Even after sitting on my thoughts and notes for THE CABIN IN THE WOODS for a few weeks now, it doesn’t make writing a review of the film any easier. In fact, CABIN may be the most difficult film I’ve ever come to review, because telling you more than it’s about a group of five college kids who venture out to a cabin isolated in the middle of the woods where bad shit is about to go down is far too much. However, I’ve come to see the film twice already, and what SCREAM did for changing how the film industry did horror 16 years ago, I imagine THE CABIN IN THE WOODS will do something similar to the genre today. This is a film that abides by the conventions while keeping them fresh and interesting, but, more importantly, it takes the formulas we’ve come to expect from horror films, mocks them openly to their faces and then goes about doing something completely original that’ll keep you on your toes. By being innovative, CABIN avoids the boredom too many horror films become trapped in by doing the same old thing over and over and over again.
Kristen Connolly, Chris Hemsworth, Anna Hutchison, Jesse Williams and Fran Kranz fill the five usual archetypes of a horror movie like this – Dana the virgin, Curt the jock, Jules the slut, Holden the brains and Marty the stoner… only those roles aren’t exactly as we’ve always come to know them. There’s quite a few extra layers to each than your basic stereotypes, and some of the fun of THE CABIN IN THE WOODS comes from the deconstruction of these elements you’d expect – splitting up to see what the problem is, the gratuitous sex, the questionable decision making. Previously, they had all becomes staples of a formula, but CABIN offers up answers that make sense and that establish an intelligence beneath everything happening rather than just expecting you to buy into something because it’s always been so.
Joss Whedon’s crisp script creates more of a comedy with horror elements than a straight horror flick, which works in CABIN’s favor. The dialogue is quick and snappy, one of Whedon’s strengths, and it makes for quite a few laugh out loud moments between the characters’ collective wit and their equally clever actions. Director/co-writer Drew Goddard is able to give you the feel of a horror movie, particularly the creepiness of being out in the middle of nowhere, passing by rundown gas stations and being miles away from any sort of civilization, but, when it comes time to abandon those set-ups, Goddard is up for the task of kicking the movie into another gear when caution needs to be thrown to the wind for some ridiculously out of control fun.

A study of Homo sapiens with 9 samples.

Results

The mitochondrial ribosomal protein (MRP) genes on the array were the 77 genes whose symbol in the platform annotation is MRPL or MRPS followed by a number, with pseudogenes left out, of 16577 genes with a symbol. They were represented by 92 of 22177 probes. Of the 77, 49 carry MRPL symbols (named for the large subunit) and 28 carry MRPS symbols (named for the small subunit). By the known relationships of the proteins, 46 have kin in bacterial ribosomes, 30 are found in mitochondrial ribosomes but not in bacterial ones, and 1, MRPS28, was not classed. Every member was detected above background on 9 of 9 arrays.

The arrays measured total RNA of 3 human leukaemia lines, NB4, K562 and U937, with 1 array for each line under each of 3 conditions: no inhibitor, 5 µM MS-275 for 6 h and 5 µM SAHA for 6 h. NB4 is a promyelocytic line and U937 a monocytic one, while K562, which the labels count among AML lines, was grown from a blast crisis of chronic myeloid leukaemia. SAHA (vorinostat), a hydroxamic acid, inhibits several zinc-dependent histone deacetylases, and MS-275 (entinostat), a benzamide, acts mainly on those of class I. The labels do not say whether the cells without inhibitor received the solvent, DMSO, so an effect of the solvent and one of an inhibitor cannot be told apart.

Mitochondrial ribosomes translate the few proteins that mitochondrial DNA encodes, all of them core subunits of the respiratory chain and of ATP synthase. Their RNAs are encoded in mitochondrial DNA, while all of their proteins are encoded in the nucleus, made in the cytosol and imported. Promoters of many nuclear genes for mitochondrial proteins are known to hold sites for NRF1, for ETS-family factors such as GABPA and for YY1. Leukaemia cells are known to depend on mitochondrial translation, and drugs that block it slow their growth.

Each of the group of five nails their parts perfectly well, with Kranz’s burnt out slacker being the best of the bunch. His character is given a lot more leeway being the smart-ass of the group, and, as a result, when you’re looking for the most memorable of them, the honor falls to him. There doesn’t seem to be enough for Jesse Williams to do here, leaving him with the shine of being an eventual victim for large parts of the film. He seems to be the only character not filled out with as much depth as the others, serving more as a placeholder than an integral member of the crew. Bradley Whitford and Richard Jenkins though absolutely steal the movie as a duo that may hold the answers to a lot of the cabin’s secrets. While CABIN is full of life from beginning to end, you can’t help but feel your excitement being taken up a notch whenever it’s time for them to make another revealing appearance.
The less you know about THE CABIN IN THE WOODS, the better, and, if you’ve made it this far in the review, I’m proud to be able to say I feel as if I’ve kept just about the entire movie intact for you. This is a movie that you shouldn’t be told about, and, if someone goes out of the way to spoil it for you, a nice swift kick to the testes would be a sufficient payment for that sort of kindness. THE CABIN IN THE WOODS is a movie that should be experienced, hopefully with other people who not only love movies, but love horror. That’s the crowd that will embrace this movie. That’s the crowd that will appreciate with THE CABIN IN THE WOODS is aiming to do. That’s the crowd that will “get it.” If you fall into that description, then I believe you’re going to love THE CABIN IN THE WOODS, much like I do.